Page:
What, if anything, have you tried? Is there a Perl component to this question or did you mistake the Monastery for the Cloistered Towers of MathMonks?
and, please, don't double-post your questions.
CountZero *A program should be light and agile, its subroutines connected like a string of pearls. The spirit and intent of the program should be retained throughout. There should be neither too little or too much, neither needless loops nor useless variables, neither lack of structure nor overwhelming rigidity."* - The Tao of Programming, 4.1 - Geoffrey James
- This is equivalent to finding the largest eigenvalue of D.
- A standard way of solving this problem is to use the "power method" which is documented here: wikipedia entry
- The perl module
`PDL` is useful for performing matrix operations.
`x`_{i}D_{ij}x_{j}
(a sum over repeated indices is implied) translates, upon taking the derivative with respect to `x`_{i},
into the equation
` D`_{ij}x_{j} = 0.
This is a special form of the
eigenvalue equation for the matrix `D`, with the
eigenvalue being 0. In order for non-trivial solutions, the matrix `D` cannot have an inverse, so it's
determinant must vanish. Finding the eigenvectors can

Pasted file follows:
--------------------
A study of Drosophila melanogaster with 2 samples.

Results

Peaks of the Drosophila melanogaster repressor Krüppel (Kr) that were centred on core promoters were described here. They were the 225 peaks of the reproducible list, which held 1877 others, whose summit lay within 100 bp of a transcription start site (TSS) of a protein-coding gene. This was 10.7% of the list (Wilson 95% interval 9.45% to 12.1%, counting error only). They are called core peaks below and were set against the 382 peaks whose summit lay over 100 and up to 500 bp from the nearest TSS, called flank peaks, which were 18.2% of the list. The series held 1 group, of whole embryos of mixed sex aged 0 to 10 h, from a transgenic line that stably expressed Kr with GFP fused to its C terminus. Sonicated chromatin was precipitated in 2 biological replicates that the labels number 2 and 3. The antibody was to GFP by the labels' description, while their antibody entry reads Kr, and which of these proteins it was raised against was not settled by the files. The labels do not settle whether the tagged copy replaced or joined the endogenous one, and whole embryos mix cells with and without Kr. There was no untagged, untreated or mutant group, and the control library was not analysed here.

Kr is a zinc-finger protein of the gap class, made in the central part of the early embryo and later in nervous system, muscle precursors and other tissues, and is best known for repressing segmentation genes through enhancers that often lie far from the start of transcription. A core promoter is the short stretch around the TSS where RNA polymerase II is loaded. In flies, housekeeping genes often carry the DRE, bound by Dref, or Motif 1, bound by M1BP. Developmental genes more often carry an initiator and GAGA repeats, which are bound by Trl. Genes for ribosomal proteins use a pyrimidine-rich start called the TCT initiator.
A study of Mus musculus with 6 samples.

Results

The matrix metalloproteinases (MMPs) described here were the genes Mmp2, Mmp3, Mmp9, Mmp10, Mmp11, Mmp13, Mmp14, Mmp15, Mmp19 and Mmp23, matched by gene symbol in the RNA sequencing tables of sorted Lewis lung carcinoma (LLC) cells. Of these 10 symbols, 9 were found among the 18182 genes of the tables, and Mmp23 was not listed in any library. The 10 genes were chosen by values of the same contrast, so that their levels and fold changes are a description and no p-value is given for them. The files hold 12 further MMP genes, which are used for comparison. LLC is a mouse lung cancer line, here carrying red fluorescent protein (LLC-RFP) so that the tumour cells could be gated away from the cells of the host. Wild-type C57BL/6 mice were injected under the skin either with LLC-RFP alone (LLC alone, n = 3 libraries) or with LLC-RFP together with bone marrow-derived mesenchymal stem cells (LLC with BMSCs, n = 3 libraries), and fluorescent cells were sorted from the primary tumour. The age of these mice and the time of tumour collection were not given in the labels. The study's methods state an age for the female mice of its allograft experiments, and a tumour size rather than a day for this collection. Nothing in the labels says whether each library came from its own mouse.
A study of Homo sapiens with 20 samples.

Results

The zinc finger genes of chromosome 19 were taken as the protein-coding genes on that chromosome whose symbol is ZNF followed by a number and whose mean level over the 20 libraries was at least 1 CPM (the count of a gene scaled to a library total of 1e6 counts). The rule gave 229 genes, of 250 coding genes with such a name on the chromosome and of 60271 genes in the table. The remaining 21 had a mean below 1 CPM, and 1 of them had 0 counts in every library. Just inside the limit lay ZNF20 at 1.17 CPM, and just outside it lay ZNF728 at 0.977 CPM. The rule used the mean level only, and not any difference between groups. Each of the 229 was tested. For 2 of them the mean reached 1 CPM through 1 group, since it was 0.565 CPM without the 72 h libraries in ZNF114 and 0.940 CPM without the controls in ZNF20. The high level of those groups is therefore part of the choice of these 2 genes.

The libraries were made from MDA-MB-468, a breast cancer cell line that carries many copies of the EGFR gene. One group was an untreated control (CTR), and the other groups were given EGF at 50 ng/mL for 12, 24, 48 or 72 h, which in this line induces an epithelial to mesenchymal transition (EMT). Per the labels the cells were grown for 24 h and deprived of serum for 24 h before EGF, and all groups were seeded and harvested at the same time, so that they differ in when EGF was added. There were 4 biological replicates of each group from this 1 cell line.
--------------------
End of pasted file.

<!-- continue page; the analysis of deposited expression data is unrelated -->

be done with PDL; see
Mastering Algorithms with Perl for a discussion. The
Math::Cephes::Matrix module can also do this for real symmetric matrices. Generally, the components of the
eigenvectors found in this way are not completely determined; by convention, the normalization `x`_{i}x_{i} = 1 is imposed.
*Update:* The preceding needs to be augmented by a
test on the
Hessian of the matrix to determine what type of
critical point is present.
The standard way to include the surface constraint is to use Lagrangian multipliers.
find the extremal points of
`x`^{†}Dx, which leads to the eigenvalue
equation `Dx = 0`. This equation doesn't determine
`x`^{†}x completely, so one is free to impose, for example, `x`^{†}x = 1 as a
normalization condition. But you're right that if
`x`^{†}x = 1 is intended as a true constraint, then a method like Lagrange multipliers should be used.
However, all is not lost, because you might be able to simplify your problem into something actually soluble.
First: are you absolutely sure that you want to optimize over the boundary of the unit ball (this is what the constraint `x'x=1` seems to impose)? Isn't it enough to only assure that `x` is constrained into a sane region, like e.g., the n-dimensional unit box? If it is, you get a quadratic program:
`max_x (x' D x)
s.t. -1 <= x_i <= 1 \forall i=1..n
`
See more on quadratic programs here: Quadratic programming.
Second: all depends on whether or not your `D` is negative definite or not (all eigenvalues are negative). If not, you are out of luck: the problem is (at least) NP hard. If, on the other hand, `D` is nicely negative definite, then the objective function is concave and the uniqueness of the optimal solution is guaranteed. In this case, you could use a commercial quadratic solver, like CPLEX, or, after suitable linearization, a linear program solver. too. E.g., this one Math::GLPK has a nice Perl interface (believe me it's nice: I wrote it!...:-).